Number 9 - Brambling blizzard

Broadfield - without finches on this occasion...

No.9 January 2008 Finch flock at Canons Farm, Surrey

This is not so much a single day, let alone a single moment, more of a rolling event. It all began on January 1st, when I located a large flock of finches at Canons Farm, feeding in a very large field known locally as Broadfield. There were at least 1,000 present, and my initial scan through them with binoculars revealed the odd Brambling in amongst Chaffinches. However, once the scope was put to work it became obvious that at least a quarter of the finches were in fact Brambling - a 750/250 split!

I returned on January 5th. Word of the finch flock had got around, as at least a dozen other birders were also present, unheard of back in these 'early' days at the farm. Throughout the day the finch flock remained faithful to the field, waxing and waning in number, numbers breaking off to forage elsewhere, then returning to swell those that had remained site faithful. At times all took to the air, swirling and twisting over the earth, pitching down only to take flight abruptly. Together we estimated the flock breakdown as Chaffinch (1,650), Brambling (550) and Linnet (200), an overall flock size of 2,400. By 13.00hrs the numbers peaked, but then soon started to dwindle, leaving 700-800 until the light started to fade.

When I visited on January 19th numbers had fallen to 1,400, although Brambling numbers had increased to 800. The following day (20th) Brambling peaked at 1,200, with Chaffinches numbering 800. I spent most of the afternoon transfixed at this seething mass of birds, white-rumps and nasal calls all around me. I knew it was something that I might not see on such a scale again, certainly not locally.  By January 24th the flock was still at a healthy number - 2,000 - although the breakdown had shifted once more, with Chaffinches outnumbering Brambling in a 1,600/400 split. From this point onwards the flock broke up and such counts were not repeated. It was interesting to observe how the flock size had kept relatively stable over the three weeks, yet the composition had not. Taking the peak counts of the three finch species present, a minimum of 3,000 had been recorded, but this was very much a minimum. Was there a turnover of birds, or were the same birds returning each day?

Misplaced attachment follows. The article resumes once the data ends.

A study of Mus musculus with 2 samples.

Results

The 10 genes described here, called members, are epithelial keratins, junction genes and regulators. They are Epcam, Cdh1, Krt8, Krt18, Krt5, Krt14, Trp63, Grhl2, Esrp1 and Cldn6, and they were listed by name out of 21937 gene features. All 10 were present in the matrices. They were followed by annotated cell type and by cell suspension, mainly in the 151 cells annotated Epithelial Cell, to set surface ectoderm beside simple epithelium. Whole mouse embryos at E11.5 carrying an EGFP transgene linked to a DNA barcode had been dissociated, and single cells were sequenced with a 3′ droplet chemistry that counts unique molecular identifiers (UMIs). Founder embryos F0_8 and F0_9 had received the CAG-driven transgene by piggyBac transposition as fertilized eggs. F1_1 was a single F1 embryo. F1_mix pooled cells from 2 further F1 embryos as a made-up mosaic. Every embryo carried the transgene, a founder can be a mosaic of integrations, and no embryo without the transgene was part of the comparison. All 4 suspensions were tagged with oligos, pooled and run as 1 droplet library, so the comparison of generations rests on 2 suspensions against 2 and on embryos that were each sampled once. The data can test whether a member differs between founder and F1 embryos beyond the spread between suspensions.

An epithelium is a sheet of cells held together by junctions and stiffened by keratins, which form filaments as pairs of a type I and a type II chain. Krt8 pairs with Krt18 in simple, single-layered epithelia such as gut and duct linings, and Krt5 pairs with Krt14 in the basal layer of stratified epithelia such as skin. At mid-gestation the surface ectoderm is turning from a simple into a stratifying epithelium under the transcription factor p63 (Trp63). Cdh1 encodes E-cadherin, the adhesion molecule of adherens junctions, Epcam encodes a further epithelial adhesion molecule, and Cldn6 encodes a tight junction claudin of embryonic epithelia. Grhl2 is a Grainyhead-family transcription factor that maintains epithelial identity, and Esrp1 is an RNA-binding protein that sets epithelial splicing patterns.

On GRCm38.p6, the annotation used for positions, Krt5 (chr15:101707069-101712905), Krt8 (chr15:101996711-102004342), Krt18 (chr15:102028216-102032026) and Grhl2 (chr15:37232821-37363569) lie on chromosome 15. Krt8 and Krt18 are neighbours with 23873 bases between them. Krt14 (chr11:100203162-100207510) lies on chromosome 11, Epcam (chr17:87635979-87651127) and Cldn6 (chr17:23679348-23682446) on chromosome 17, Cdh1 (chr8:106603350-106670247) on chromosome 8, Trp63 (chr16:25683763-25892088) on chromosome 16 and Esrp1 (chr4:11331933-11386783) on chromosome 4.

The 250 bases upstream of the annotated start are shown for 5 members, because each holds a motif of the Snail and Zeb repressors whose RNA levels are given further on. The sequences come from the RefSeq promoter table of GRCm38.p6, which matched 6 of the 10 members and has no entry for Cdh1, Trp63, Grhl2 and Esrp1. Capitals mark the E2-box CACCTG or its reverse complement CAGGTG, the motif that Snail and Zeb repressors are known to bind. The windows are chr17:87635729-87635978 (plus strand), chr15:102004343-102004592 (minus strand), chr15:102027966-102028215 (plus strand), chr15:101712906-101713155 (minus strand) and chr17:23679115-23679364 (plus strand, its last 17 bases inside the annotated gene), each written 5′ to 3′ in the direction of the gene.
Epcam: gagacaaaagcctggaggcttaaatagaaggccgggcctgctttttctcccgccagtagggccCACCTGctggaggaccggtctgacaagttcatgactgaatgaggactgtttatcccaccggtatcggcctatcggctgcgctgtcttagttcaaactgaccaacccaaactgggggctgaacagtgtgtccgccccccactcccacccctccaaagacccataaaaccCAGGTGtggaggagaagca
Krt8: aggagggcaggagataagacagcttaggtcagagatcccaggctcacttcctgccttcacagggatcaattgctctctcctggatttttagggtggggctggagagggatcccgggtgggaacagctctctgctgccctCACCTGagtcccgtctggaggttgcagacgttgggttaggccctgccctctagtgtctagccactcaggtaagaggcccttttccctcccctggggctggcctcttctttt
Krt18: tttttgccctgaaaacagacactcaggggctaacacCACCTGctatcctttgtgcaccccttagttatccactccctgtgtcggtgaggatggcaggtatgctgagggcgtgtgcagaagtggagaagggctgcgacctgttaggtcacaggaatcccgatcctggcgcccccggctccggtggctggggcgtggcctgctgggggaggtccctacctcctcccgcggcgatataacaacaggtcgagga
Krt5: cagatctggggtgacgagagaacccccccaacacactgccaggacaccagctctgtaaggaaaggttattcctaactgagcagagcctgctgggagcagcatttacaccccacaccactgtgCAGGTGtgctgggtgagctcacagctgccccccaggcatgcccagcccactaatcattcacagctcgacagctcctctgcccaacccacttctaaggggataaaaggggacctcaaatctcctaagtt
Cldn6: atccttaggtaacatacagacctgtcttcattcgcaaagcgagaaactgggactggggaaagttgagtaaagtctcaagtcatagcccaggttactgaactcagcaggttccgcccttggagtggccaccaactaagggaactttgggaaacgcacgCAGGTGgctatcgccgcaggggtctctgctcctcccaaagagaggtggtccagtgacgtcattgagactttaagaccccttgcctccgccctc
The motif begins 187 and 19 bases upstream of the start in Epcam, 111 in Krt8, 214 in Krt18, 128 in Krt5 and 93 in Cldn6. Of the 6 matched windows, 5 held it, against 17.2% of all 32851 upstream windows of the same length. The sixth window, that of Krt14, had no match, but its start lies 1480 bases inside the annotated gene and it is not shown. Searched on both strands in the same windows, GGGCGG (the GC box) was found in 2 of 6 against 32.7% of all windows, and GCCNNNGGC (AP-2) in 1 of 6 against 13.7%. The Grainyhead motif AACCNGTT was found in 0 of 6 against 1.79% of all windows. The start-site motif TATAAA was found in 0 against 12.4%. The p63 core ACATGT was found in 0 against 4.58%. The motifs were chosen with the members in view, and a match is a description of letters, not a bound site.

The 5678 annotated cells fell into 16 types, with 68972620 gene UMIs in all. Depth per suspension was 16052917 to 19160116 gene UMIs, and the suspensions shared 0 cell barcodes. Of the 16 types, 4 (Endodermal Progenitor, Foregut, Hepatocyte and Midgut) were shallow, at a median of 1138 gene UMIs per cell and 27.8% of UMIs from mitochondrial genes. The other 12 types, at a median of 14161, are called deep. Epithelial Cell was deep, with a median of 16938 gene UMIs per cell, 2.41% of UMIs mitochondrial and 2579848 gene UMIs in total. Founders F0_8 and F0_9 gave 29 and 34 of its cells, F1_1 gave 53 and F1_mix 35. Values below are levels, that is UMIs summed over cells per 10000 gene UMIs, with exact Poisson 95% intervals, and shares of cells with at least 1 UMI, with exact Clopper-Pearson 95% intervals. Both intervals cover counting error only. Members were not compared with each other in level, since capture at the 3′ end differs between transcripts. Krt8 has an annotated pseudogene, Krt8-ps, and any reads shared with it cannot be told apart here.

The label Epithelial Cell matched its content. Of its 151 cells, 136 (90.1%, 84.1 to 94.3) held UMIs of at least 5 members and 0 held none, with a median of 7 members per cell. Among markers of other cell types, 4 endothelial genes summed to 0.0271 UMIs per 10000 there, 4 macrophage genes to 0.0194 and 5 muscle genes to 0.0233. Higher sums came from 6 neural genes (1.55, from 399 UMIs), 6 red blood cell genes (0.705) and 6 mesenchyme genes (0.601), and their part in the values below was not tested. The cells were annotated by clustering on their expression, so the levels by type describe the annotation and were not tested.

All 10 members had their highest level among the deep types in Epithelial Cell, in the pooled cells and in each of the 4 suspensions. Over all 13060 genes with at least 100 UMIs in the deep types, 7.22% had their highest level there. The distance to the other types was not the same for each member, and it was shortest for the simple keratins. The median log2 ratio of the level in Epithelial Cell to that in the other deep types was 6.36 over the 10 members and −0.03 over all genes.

What had attracted them? The farmer had not taken in the flax crop that autumn and it had been flattened by November winds. The flax had then been rolled by machinery, exposing the seed on the soil surface. It was an open avian feast...

This event was not just memorable as pure spectacle, but also a reminder that such things can occur close to home in areas that might not be considered as worthy of spending your birding time. It certainly opened some local eyes to the potential of Canons Farm, something that has been ongoing ever since. We are still awaiting a return to such large finch numbers.


bob smith said…
Wonderful seeing such a flock. Reminds me of a time in the Pyrenees a couple of years ago. It was January and we were
in a mountainous area well wooded with beeches. Then unexpectedly at about 10am wave upon wave of Bramblings
flooded overhead. It was a continuous wave for about half an hour. They stopped briefly in the beech woods then quickly moved on. They were like a host of locusts. We estimated 50,000 birds but this was probably an underestimate. Apparently there were over a million roosting in the area. These invasions occur infrequently but quite spectacular and breathtaking when they happen. It seemed there were only a few Chaffinches with them.
Steve Gale said…
Bob, you have got me there - 50,000 Bramblings must have been some spectacle - my 1,200 were exciting enough. I have read of these enormous Brambling roosts before in disbelief. The New Naturalist finches book mentioned a million plus being recorded in Switzerland I believe.